That was not the debate I expected at all.
I expected a debate that featured a war between Gingrich's intellect and his instincts. Gingrich would try to act the front-runner, to play it cool, to refrain from outbursts.
But (I again expected) he would fail. The barrage of attacks from former allies today—and maybe even more, the needling from the Romney campaign suggesting that Gingrich was erratic and unreliable—would (I expected) goad Gingrich irresistibly.
I was completely wrong.
Gingrich arrived with no plan at all except to repeat his now-famliiar stunt of denouncing the question. This time, though, the stunt failed. Wolf Blitzer asked Gingrich to justify the accusations he'd flung about Romney's finances. Gingrich tried to treat the question as an impertinence. Blitzer pointed out he was only repeating Gingrich's own words. That opened the way for Romney's shiv: wouldn't it be nice if people couldn't make accusations somewhere else if they weren't able to defend it?
That encounter broke Gingrich's nerve and his performance sagged through the evening. He got drawn into an unproductive exchange on space exploration: a dog biscuit at which he should not have snapped, a vivid demonstration of his lack of self-discipline. The evening culminated in a series of brutal Mitt-slaps: one when Romney pointed out that Gingrich had invested in the same Fannie and Freddie securities that Gingrich had attacked Romney for investing in— and without the excuse of having his affairs in a blind trust; the second when Romney powerfully accused Gingrich of offering every state in which he campaigned a major federal giveaway: a new powerline for New Hampshire, a new port for South Carolina, and finally and most fantastically a new moon project for Florida's Space Coast.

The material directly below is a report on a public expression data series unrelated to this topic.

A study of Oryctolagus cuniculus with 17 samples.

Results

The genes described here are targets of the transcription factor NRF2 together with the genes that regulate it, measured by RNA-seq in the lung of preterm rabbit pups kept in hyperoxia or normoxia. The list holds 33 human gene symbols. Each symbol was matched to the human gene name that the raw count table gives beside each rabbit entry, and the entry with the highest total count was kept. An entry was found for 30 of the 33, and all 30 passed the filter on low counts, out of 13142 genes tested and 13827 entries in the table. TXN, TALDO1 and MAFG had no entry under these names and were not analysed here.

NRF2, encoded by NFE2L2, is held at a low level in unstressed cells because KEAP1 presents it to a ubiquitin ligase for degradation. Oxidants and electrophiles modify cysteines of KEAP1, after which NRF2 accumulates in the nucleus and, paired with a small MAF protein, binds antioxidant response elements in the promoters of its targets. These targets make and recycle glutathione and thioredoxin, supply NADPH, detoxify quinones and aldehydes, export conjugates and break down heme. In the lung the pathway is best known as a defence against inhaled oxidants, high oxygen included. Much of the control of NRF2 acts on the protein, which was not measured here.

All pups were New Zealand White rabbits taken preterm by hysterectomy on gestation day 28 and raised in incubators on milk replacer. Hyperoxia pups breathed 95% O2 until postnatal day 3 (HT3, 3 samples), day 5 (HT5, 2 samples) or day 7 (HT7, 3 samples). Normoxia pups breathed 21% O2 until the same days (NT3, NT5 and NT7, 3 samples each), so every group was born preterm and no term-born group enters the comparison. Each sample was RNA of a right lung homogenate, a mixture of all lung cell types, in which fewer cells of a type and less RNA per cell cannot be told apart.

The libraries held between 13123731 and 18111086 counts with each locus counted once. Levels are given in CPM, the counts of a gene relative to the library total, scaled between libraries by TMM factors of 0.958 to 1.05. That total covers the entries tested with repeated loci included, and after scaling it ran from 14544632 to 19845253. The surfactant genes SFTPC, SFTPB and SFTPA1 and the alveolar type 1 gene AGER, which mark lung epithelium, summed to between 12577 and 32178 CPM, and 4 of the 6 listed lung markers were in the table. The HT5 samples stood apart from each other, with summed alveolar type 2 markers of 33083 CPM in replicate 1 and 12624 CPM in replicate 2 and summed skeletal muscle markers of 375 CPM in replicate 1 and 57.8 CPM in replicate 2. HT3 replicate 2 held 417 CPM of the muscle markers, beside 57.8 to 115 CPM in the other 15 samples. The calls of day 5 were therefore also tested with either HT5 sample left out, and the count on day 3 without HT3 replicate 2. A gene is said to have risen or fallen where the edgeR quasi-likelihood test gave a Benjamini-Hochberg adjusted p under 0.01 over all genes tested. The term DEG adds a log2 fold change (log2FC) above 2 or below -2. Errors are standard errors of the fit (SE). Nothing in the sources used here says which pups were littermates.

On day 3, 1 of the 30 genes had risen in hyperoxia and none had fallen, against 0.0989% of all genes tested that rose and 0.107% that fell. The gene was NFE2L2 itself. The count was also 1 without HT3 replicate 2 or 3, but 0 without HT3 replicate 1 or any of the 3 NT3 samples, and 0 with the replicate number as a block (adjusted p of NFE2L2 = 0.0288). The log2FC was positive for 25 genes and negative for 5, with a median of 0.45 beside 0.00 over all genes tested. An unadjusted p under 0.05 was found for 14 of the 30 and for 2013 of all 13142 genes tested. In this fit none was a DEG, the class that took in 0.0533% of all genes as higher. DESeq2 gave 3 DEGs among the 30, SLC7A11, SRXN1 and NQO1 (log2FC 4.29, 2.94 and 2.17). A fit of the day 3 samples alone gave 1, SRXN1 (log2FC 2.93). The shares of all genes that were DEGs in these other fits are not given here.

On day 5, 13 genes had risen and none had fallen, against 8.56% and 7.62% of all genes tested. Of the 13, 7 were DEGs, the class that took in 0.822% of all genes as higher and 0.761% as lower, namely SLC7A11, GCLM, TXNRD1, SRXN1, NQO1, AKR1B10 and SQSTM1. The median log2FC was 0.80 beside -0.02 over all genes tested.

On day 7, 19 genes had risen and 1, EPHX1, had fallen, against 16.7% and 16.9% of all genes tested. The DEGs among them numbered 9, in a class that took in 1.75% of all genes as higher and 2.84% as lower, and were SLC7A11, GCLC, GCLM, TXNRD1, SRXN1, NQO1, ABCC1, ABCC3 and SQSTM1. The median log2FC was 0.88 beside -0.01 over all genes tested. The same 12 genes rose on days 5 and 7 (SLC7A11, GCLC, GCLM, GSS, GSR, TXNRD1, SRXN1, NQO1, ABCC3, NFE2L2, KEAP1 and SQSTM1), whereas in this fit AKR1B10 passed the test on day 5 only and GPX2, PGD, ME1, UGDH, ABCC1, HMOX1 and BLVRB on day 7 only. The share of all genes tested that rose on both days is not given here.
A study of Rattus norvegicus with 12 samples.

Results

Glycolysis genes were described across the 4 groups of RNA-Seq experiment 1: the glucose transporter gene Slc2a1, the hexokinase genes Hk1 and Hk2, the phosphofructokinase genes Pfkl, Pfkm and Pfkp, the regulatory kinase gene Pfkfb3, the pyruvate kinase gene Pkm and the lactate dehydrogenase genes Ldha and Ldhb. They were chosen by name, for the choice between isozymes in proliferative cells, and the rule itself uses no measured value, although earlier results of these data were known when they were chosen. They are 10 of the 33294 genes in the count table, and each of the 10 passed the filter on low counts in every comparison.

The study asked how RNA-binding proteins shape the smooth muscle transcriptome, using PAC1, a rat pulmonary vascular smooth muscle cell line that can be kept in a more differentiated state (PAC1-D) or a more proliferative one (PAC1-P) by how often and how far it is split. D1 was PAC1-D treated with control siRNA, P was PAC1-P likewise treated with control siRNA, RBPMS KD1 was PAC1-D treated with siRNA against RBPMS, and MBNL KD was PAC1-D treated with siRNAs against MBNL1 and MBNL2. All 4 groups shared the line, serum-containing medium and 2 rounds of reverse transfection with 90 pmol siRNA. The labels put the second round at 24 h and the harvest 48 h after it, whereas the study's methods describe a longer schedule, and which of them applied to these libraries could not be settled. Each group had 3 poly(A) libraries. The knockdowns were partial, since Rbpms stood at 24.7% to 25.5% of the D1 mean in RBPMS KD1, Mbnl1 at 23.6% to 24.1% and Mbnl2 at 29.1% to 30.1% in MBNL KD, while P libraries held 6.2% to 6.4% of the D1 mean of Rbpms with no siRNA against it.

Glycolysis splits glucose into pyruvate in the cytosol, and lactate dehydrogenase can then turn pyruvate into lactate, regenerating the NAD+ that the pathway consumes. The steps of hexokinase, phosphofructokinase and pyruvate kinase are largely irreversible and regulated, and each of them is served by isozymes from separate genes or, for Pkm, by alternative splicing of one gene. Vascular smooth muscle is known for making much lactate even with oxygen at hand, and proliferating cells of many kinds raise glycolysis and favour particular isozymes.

Even the one encounter where Gingrich had the chance to have the best of it— when Blitzer refused to accept Romney's claim "I haven't seen that ad"—ended in bad news for Gingrich when Romney entrapped Gingrich into repeating his claim that yes languages other than English were the language of the ghetto.
Gingrich seemed to just stop fighting, beaten not only on points, but psychically.
What happens now? Does Gingrich wake up tomorrow morning in a rage, then give the order to unleash a new barrage of negative Super PAC ads? Or does he stumble onward, hoping for a miracle on Tuesday—to worry later about what to do if the needed miracle fails to materialize?